Wednesday, August 29, 2018

Summer Reading 2018 Skyward: The Story of Female Pilots in WWII

Author Sally Deng weaves the lives of three different women from three different countries into a cohesive story that explains how they all became pilots during World War II. Hazel visits a local airfield with her father every Saturday in San Francisco. Marlene's brother brings an airplane to their family home in England. And Lilya meets a pilot who lands a malfunctioning plane near her village in Russia. The narrative traces how each young woman receives her training and what position each filled during the war, and then they are given credit for paving the way for all the females who came after them in aviation. A final double-spread shows women of all backgrounds, some in civilian clothes and others in various uniforms (military, police, and space services).

Illustrations vary from small vignettes above or below the text, large spreads such as one of Marlene with flying goggles on and her hair blowing in the wind, and even large scenes showing battlefields or the Russian Night Witches dropping their bombs. A full page features African American female pilots with Bessie Coleman in the center. Another spread shows the pieces of an airplane spread around Marlene as the text tells of her collision with a high cable during a bad fog.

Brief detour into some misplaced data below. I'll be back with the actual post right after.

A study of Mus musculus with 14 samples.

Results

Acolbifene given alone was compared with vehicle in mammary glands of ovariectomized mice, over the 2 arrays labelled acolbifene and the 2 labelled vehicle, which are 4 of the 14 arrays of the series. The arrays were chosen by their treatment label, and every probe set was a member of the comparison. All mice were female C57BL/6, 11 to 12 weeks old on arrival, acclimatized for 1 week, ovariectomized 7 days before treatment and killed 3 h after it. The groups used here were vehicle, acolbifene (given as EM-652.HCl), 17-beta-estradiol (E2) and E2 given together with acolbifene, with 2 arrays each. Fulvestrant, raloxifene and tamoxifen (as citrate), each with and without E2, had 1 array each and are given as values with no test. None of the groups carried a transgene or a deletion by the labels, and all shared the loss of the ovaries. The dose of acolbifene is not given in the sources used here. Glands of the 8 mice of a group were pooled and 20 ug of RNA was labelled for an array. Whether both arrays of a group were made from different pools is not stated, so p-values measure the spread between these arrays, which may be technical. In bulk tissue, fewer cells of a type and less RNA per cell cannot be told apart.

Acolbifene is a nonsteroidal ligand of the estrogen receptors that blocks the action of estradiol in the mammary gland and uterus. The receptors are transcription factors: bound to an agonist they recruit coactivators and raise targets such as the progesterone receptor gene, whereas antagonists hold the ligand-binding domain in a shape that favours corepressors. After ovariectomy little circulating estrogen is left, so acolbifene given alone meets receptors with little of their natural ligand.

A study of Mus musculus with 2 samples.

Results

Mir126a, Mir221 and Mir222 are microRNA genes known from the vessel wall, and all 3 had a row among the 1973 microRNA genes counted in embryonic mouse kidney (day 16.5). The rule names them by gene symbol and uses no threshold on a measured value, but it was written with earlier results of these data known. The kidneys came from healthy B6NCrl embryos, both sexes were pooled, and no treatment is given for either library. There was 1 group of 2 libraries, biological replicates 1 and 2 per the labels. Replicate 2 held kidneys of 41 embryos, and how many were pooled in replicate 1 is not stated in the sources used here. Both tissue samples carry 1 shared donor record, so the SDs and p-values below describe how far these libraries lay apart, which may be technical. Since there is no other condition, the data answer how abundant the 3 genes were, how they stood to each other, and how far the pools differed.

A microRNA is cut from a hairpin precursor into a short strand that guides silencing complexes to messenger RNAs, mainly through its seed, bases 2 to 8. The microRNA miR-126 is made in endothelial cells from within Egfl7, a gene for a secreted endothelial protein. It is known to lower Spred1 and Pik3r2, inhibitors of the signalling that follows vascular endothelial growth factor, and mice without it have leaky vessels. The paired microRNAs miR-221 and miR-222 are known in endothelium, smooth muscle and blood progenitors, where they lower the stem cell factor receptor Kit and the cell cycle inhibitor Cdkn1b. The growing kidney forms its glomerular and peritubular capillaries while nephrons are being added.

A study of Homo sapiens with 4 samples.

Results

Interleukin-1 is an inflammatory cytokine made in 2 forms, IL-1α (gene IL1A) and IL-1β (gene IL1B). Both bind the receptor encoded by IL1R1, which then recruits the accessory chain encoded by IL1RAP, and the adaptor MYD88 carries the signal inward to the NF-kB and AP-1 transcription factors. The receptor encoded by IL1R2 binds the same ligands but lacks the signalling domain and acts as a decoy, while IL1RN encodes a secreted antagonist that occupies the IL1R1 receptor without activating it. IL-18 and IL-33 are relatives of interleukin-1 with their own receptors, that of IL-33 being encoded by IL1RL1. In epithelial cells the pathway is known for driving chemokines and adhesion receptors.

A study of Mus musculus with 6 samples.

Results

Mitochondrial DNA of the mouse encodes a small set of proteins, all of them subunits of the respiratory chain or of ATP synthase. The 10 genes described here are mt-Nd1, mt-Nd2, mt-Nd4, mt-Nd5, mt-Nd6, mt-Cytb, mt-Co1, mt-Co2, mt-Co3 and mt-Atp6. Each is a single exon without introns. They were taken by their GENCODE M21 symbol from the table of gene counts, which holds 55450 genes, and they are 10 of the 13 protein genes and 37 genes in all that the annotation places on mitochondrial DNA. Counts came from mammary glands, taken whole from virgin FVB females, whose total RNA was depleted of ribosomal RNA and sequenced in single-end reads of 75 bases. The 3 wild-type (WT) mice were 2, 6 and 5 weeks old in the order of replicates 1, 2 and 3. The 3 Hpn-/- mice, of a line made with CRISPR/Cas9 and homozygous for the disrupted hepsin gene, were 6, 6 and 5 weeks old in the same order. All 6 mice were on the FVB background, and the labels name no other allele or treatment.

Details make it clear that these women and those who served with them worked just as hard or harder than male counterparts, even though they faced discrimination and negativity throughout their careers. The large format of the book and the beautiful illustrations make the content very accessible. Anyone who is interested in aviation, equal rights, and World War II history should get a copy of this book.

I received a review copy of the book from the publisher.